CORVALLIS - New research is finding that old-growth coniferous forests of the Pacific Northwest are still vigorously active, may have more ability to "store" carbon than had been appreciated in the past, and are not the idle, decaying ecosystems they have sometimes been portrayed to be.
In pioneering studies done with the huge "canopy crane" that hovers over an old-growth stand northeast of Portland, Ore., researchers from Oregon State University are also discovering that light is the driving force in these processes and that the real action is way up high where the sun shines the brightest.
Studies such as this, the scientists said, may have important implications for forest management policies that seek to use forests as a carbon "sink," lowering the level of atmospheric carbon dioxide and ultimately helping to mitigate the greenhouse effect.
"It appears these older forests are more active and may be stronger carbon sinks than we thought," said Bill Winner, an OSU professor of botany and plant pathology. "There's a huge amount of carbon tied up in old-growth ecosystems and, even at a very old age, they are still capable of absorbing a lot of carbon dioxide."
In preliminary results, Winner and OSU colleagues Sean Thomas and Mark Harmon have found:
- In all seasons, the physiological activity level of conifer needles is higher at the brightly-lit tops of trees than at the bottom or in younger saplings that receive more shade.
- The photosynthetic rate of trees does not decline in summer due to drought and water stress, as had been presumed.
- The biggest constraint on photosynthesis is the lower light levels during the region's eternally-overcast winter days, which can cause up to a 60 percent drop in photosynthesis in some tree species.
- In a system like that studied, Harmon found that about 70 percent of the carbon storage is in live vegetation, 15 percent is in the litter and logs on the forest floor, and 15 percent in the mineral soil.
"The use of this crane has allowed us to make meaningful samples high in the forest canopy for extended periods," Winner said. "We've never really had that capability before, and that's helping to answer some long-standing questions about old-growth ecological processes."
These trees and other vegetation generate energy from sunlight, water and carbon dioxide, in the process "storing" some of the carbon in the form of wood and foliage, and releasing oxygen. The woody tissue, soil and decaying matter on the forest floor also "exhale" some carbon dioxide. The key environmental impact, researchers say, comes from the balance of carbon released versus that retained.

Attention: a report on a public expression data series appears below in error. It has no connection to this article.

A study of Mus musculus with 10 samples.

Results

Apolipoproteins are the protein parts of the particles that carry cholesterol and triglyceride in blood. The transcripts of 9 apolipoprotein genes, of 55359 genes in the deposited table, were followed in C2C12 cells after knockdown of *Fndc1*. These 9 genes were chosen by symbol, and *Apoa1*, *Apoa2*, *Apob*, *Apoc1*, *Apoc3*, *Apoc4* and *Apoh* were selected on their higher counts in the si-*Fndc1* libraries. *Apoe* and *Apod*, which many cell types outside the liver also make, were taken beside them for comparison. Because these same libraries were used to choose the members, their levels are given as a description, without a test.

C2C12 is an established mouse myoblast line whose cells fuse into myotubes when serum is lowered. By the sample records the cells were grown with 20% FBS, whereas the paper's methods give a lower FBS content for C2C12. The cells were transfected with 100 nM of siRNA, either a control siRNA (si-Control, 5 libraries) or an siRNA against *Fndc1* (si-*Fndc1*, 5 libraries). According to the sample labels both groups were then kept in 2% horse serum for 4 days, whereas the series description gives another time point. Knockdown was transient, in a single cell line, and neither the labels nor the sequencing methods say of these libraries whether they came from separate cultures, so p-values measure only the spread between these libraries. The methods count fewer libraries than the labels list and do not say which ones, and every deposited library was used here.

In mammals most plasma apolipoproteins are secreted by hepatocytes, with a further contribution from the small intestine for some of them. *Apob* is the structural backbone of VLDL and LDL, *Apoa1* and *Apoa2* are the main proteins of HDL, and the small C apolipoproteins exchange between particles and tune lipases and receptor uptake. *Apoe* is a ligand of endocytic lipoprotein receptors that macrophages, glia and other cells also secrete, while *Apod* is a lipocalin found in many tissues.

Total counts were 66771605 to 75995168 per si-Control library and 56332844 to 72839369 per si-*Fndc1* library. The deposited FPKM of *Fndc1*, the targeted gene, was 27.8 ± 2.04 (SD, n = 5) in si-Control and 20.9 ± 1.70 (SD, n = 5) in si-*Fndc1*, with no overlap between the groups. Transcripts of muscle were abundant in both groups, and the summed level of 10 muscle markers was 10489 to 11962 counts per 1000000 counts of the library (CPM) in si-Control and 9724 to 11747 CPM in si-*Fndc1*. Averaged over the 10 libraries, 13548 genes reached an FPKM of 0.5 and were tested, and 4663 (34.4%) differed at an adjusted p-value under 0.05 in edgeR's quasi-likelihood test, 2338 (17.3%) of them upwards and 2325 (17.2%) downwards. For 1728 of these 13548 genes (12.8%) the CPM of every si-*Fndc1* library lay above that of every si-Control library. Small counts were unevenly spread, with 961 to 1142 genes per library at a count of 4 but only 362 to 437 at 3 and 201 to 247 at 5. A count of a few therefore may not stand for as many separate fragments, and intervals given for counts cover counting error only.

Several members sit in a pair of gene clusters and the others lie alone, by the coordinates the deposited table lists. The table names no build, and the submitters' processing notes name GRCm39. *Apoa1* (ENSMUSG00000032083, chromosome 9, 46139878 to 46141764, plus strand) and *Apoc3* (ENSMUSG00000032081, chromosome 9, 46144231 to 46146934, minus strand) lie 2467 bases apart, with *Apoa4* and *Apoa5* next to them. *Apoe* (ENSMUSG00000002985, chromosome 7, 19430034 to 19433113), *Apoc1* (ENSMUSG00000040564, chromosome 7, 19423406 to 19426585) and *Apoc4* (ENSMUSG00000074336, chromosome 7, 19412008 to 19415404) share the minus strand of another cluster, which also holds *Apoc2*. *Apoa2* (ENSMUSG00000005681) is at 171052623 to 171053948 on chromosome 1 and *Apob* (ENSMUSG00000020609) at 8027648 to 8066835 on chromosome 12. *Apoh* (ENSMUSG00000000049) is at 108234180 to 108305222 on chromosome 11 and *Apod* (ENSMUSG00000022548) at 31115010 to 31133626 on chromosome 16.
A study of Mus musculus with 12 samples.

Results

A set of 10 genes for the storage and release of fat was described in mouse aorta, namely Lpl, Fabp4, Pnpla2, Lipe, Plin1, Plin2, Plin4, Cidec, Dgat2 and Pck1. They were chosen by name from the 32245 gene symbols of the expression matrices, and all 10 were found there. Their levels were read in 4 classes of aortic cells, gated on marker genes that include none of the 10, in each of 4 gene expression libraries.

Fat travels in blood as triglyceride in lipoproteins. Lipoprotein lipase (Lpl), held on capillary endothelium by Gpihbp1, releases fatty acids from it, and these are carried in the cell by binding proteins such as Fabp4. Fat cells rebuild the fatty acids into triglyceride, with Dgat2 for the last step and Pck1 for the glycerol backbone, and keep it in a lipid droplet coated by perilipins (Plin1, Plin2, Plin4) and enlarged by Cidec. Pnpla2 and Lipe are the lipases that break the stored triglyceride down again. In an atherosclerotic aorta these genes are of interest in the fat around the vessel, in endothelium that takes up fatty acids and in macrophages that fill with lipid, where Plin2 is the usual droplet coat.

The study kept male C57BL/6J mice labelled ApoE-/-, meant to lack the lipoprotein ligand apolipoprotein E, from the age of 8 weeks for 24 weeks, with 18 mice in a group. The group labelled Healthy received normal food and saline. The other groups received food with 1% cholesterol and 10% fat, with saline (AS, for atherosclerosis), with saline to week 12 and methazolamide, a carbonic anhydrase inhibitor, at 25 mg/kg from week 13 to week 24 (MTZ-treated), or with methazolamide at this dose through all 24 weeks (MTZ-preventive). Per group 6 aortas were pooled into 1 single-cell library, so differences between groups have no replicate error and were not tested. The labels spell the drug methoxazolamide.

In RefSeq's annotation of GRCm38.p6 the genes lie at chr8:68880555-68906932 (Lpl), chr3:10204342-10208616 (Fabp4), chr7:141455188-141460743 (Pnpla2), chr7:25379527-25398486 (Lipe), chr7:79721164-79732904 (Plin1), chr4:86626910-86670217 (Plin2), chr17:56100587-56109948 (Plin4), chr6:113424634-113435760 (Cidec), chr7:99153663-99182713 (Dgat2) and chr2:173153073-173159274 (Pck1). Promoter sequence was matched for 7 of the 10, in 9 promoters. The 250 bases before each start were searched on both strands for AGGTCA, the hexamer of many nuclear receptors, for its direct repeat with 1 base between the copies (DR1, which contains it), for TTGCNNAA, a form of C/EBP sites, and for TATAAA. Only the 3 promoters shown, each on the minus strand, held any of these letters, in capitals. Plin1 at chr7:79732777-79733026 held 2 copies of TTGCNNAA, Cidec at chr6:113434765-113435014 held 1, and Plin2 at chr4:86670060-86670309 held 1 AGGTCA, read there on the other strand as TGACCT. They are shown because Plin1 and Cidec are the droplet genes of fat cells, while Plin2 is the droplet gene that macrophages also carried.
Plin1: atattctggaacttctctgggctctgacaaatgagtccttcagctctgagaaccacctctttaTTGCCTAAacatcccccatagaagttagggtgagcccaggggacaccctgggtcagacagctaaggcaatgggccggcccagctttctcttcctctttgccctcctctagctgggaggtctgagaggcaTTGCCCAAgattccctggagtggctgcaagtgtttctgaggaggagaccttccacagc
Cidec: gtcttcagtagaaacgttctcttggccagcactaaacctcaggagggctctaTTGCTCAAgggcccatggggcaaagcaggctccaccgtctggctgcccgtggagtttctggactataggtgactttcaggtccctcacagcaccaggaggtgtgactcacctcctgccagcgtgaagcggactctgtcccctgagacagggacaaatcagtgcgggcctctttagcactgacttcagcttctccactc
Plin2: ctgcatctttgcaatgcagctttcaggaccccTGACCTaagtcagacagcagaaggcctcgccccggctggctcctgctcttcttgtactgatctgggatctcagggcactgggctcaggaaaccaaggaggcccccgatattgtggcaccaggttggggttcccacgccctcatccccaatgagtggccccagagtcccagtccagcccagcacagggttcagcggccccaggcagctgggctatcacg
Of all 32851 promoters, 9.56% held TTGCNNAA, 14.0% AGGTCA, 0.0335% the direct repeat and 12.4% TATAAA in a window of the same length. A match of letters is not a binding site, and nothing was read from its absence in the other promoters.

For this type of forest, it's now clear that the heaviest rates of photosynthesis and carbon storage happen when the daylight is longest and the light is brightest. Preliminary calculations suggest that during summer months this site "stored" from 2.7 to 14 grams of carbon dioxide per square meter, per day.
According to Harmon, when an old-growth forest is clearcut, it changes from a carbon sink to a carbon source - meaning the same land now gives off more carbon dioxide than it takes in - for a period of at least 30-40 years.
Studies such as these may help provide better ways to determine exactly how much carbon is being released or retained by such forests, Winner said, and provide the basis for better forest management and policy decisions that wish to take carbon cycles and greenhouse concerns into account.
Some efforts are underway in the U.S. and elsewhere to develop systems of carbon "credit trading" where the emitter of certain greenhouse gases may pay other entities, such as the owners of a forest, for activities that result in carbon accumulation and help mitigate the greenhouse effect.
"Looking at an old growth forest, you can imagine that half the dry biomass is the element carbon, and that carbon in the trees originated as carbon dioxide gas in the atmosphere," Winner said. "It was acquired by the trees via the process of photosynthesis. Now, for the very first time in the canopy of old growth trees, we're exploring the connection between carbon in forests and the atmosphere."
Understanding those linkages will be essential for managing forest resources and knowing how forests may affect atmospheric carbon dioxide concentrations and ultimately the Earth's climate, Winner said.
Research on this project at the Wind River Canopy Crane in Washington state is being supported by the Westgec Program of the U.S. Department of Energy, Winner said, which seeks to better understand global change processes.